Winter Report Card: How it's gone (and what's still to come)
Wednesday, January 18, 2017, 3:19 PM - Mid-January means the halfway point of meteorological winter, which begins on December 1 and ends February 28.
It also serves as a perfect time to hand out a halfway point report card and take stock of how winter has measured up so far (and look ahead at what we can expect as we move into the second half of the season).
A classic ... with notable exceptions
Classic Canadian winter weather has dominated much of Canada since early December of 2016. However, a few notable exceptions include the Greater Toronto Area, parts of eastern Ontario and Niagara, as well as parts of coastal Nova Scotia, where the snow cover has been inconsistent and almost nonexistent during January.
The map below shows the temperature anomaly, or departure from normal, across North America for the first 45 days of winter, from December 1 to January 15. Much of Canada falls into the normal to below-normal range for this period, with the core of the coldest anomalies found in the Prairies and B.C.
Much of B.C., Alberta, and southwestern Saskatchewan experienced bitterly cold temperatures from 3-6°C lower than seasonal (shades of green) in the first half of winter, with the coldest areas in interior British Columbia as much as 8°C below seasonal (shades of purple). The cold spread eastward across central Canada, with much of northeastern Saskatchewan, Manitoba, and western Ontario reporting temperatures 1-3°C below seasonal (shades of blue).
Another region of overall cold was found in Atlantic Canada, particularly Newfoundland, Labrador, eastern Quebec, and New Brunswick. This part of the country has also seen temperatures in the range of 1-3°C below seasonal (shades of blue). In the east, only parts of Nova Scotia saw temperatures on the whole near normal, thanks to a few surges of milder air from passing storms.
The only region to see temperatures near to above normal for the season so far is across western Quebec and much of Ontario from Hudson Bay south to the Great Lakes. Though this part of the country has certainly seen periods of Arctic air, periods of milder weather have resulted in overall temperatures 1-3°C above normal.
Where the snow is falling
Cold is one way to look at how severe a winter has been, but snowfall also plays a big role in how severe a winter feels. We took a look at snow totals from 10 major cities around the country, and compared the snow they’ve received so far to the amount that they’d expect to see in an average winter (December, January, and February).
All things being equal, we’d expect to see about half of a season’s average snowfall by January 15. This doesn’t take into account the climatological differences within a season, but it’s a decent first look at who’s on pace to reach average snowfall by the beginning of Meteorological Spring on March 1.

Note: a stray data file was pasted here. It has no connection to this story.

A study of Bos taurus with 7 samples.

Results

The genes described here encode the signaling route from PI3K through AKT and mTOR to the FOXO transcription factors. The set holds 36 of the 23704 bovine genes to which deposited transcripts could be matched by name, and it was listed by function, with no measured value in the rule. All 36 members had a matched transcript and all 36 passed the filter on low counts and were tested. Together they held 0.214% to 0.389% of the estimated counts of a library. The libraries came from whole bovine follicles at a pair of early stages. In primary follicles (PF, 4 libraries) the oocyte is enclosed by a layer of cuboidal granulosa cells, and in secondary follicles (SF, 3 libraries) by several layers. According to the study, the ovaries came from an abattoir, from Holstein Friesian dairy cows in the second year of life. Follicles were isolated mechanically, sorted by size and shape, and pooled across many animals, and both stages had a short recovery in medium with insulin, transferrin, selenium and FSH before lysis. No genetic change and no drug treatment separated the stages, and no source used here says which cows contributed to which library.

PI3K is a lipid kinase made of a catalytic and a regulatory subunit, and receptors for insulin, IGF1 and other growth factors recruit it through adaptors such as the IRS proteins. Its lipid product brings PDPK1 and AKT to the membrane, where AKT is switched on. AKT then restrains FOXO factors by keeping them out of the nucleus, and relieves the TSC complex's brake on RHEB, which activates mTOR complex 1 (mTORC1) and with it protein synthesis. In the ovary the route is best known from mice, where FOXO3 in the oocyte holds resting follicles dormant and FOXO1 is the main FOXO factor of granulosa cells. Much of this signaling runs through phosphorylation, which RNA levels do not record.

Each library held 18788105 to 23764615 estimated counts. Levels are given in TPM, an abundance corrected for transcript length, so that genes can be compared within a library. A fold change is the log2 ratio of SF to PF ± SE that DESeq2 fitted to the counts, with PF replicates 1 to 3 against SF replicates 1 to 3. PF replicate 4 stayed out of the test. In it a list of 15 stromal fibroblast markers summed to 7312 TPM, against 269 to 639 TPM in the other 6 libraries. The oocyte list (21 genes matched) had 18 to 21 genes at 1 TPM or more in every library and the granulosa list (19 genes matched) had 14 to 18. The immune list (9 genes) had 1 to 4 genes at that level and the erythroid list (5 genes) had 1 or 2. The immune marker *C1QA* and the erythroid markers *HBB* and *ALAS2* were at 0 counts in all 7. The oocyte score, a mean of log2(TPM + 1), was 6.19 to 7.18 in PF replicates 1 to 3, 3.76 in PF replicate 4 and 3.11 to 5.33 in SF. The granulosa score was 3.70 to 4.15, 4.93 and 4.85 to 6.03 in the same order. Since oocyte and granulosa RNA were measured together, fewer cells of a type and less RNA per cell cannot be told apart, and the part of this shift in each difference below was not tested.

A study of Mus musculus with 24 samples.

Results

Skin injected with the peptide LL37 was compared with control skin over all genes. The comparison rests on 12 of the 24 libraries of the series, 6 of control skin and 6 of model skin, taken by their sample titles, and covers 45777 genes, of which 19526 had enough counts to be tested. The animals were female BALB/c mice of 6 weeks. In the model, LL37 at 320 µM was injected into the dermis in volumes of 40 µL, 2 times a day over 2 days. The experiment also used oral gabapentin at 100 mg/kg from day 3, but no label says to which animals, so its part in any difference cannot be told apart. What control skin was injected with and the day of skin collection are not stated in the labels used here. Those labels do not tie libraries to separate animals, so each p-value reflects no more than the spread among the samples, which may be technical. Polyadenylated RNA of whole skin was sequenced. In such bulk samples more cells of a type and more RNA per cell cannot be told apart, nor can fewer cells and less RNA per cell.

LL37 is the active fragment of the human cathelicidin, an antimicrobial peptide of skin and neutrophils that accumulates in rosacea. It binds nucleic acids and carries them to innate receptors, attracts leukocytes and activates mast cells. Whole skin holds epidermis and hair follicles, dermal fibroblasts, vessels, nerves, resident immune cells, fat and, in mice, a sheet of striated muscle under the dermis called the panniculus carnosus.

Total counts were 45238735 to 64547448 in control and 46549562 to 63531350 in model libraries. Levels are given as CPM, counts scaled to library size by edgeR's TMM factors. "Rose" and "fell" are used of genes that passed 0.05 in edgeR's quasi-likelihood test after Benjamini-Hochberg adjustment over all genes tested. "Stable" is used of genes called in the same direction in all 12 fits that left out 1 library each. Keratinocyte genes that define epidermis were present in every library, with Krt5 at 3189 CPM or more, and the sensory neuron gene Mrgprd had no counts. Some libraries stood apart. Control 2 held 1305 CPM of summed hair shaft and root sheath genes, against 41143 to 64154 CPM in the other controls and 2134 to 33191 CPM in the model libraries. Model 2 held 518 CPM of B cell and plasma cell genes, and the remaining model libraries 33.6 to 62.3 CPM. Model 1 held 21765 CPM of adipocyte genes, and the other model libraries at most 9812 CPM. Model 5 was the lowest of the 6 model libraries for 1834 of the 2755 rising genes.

|CITY||Percent of Average Winter Snowfall by January 15|
As you can see, all of the cities on our list have received at least 50 per cent of winter snowfall by the midpoint in the season, theoretically meaning that they’re all on pace to have at least average snowfall for the season. Many cities stand out as being well ahead of average, including Vancouver, Calgary, and Halifax, which are already approaching three-month average totals only halfway through the season. The real standout here is Winnipeg, which has already received over 1.5 times typical winter snow, thanks to the second snowiest December on record.
So in summary, the winter so far has been cold for many, and snowy for most, in line with our Winter Forecast prediction of a classic Canadian winter.
A look at the second half of the season
However, sports fans know that it is very risky to make conclusions about a game or a season based on first half performance and the same can apply to judging the weather. So, where do we go from here? Here’s a look at the long range pattern, for the second half of January into February.
Much of Canada is experiencing an extended January thaw as Pacific air rather than Arctic air has spread across Canada. The warmest area relative to normal is across central Canada where many will continue to see temperatures 10-20°C warmer than normal through the upcoming weekend, the second-last one in January.
But hold on: Winter is still far from over.
A slow transition back towards a wintry pattern, though the eastern half of Canada will remain quite mild for most of the week.
By the following and final weekend (January 28–30), expect a more amplified jet stream pattern which will allow for arctic air to return to the national weather pattern as we head into February. The map below shows the pattern that we expect will dominate the month of February and on into March. At this point it looks like the focus of the below seasonal temperatures will be further to the east (closer to the Great Lakes) than what saw during the first half of winter.
What grade are you giving winter so far? Let us know in the comment section below.